No matter how they try to diversify their following, there’s no escaping the fact that Wildrose hardliners want to defy more mainstream concerns and stick to the basics, namely the marginalization of Alberta’s LGBTQ population.

The latest shocking initiative by the Wildrose’s rural-based, out-of-touch party caucus is to honour a party candidate who fell from grace in the 2012 provincial election. Caucus members apparently want to create a lake of fire somewhere in the Edmonton South-West riding, where Hunsperger lost to Tory MLA Matt Generoux. That was when Wildrose candidate Allan Hunsperger shocked the province and galvanized a backwards, squirrel-eating contingent with anti-gay sentiments.

“You can live the way you were born,” declared Hunsperger in response to a Lady Gaga hit at the time. “And if you die the way you were born, then you will suffer the rest of eternity in the lake of fire, hell, a place of eternal suffering.”

“That’s the kind of guy we needed at the time and these days, more than ever!” declared one Hunsperger supporter, who felt the election was rigged by Satanist covens in the neighbourhood. “More moderate party members and politicians were tempted by the evils of progressive thought and that eventually led to the domination of that Wiccan Socialist Notley.”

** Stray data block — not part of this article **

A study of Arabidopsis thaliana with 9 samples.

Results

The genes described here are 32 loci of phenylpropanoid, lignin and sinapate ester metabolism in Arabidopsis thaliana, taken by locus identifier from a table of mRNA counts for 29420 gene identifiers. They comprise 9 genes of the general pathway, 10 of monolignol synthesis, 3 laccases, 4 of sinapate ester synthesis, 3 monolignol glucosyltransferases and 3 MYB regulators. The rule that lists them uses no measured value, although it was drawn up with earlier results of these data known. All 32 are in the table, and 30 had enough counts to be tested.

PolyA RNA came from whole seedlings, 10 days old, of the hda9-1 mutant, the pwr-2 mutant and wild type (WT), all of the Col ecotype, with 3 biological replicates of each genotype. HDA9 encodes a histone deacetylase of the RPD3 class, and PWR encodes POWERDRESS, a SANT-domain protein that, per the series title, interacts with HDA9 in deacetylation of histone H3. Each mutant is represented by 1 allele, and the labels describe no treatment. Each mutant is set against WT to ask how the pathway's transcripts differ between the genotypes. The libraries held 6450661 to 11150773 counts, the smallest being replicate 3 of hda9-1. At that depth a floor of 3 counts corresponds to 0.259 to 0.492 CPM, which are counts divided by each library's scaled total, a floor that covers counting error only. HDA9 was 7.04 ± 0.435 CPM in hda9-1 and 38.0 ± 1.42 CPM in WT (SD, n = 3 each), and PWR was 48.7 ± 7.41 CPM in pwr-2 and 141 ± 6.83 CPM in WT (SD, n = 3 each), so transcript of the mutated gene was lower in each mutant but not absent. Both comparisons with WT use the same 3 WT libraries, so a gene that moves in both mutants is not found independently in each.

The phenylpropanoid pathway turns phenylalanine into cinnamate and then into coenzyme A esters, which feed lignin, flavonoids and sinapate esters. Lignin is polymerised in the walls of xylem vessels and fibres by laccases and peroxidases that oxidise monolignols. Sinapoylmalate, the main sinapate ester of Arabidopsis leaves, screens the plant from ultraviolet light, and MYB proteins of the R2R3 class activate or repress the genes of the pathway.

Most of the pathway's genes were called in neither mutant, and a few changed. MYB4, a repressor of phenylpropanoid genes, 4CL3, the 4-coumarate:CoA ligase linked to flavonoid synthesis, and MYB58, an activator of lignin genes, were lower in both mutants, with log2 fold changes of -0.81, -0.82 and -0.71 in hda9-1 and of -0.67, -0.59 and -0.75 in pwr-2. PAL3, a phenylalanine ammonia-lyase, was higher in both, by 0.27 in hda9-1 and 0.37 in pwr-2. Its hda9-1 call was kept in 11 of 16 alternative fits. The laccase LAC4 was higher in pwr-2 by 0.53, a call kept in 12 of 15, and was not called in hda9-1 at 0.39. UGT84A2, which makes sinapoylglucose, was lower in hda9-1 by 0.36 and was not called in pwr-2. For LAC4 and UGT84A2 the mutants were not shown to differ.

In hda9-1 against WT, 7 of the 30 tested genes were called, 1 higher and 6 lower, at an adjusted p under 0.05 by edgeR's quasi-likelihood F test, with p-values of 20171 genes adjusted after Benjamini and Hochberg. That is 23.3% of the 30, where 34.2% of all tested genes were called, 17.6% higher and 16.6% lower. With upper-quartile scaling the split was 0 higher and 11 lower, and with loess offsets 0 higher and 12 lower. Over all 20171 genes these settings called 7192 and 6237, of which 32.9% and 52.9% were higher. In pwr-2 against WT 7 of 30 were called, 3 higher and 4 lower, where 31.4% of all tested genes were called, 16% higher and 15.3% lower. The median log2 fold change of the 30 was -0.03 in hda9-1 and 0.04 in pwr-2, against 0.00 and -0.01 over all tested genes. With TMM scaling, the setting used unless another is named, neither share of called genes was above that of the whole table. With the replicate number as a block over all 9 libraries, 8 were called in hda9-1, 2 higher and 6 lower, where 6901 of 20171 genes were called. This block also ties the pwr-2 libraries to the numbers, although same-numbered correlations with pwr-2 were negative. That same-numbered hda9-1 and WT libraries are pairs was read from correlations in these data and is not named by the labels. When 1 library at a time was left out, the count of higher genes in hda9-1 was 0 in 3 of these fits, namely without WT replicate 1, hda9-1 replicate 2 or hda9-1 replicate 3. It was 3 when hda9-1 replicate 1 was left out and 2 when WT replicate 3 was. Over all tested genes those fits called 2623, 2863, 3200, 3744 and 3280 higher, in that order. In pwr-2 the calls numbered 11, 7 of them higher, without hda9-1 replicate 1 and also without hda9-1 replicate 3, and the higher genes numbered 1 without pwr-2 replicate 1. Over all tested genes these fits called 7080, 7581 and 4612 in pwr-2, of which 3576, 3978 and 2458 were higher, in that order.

Valuing Hunsperger’s  ill-fated political legacy will be immortalized in the form of a giant lake somewhere in the riding where it will be set ablaze 24 hours a day. It is guaranteed to spark a new wave of tourism, allowing fundamentalists to visit the fiery body of water, sell Bibles onshore and incessantly pass judgment on more secular Edmontonians.

So far, they’re negotiating with developers to convert a man-made lake already in existence at Summerside, a neighbourhood that’s not in the riding, but close enough to honour the failed candidate. The fact the lake is not within the electoral boundaries of Hunsperger’s desired territory was not deemed to be much of a negative factor.

“Alternative truth will prevail with this attraction that will enthrall the religious right for decades,” said one Lake of Fire proponent. “I don’t think location, location, location is much of an issue.”

Added another supporter, “If you burn it, they will come.”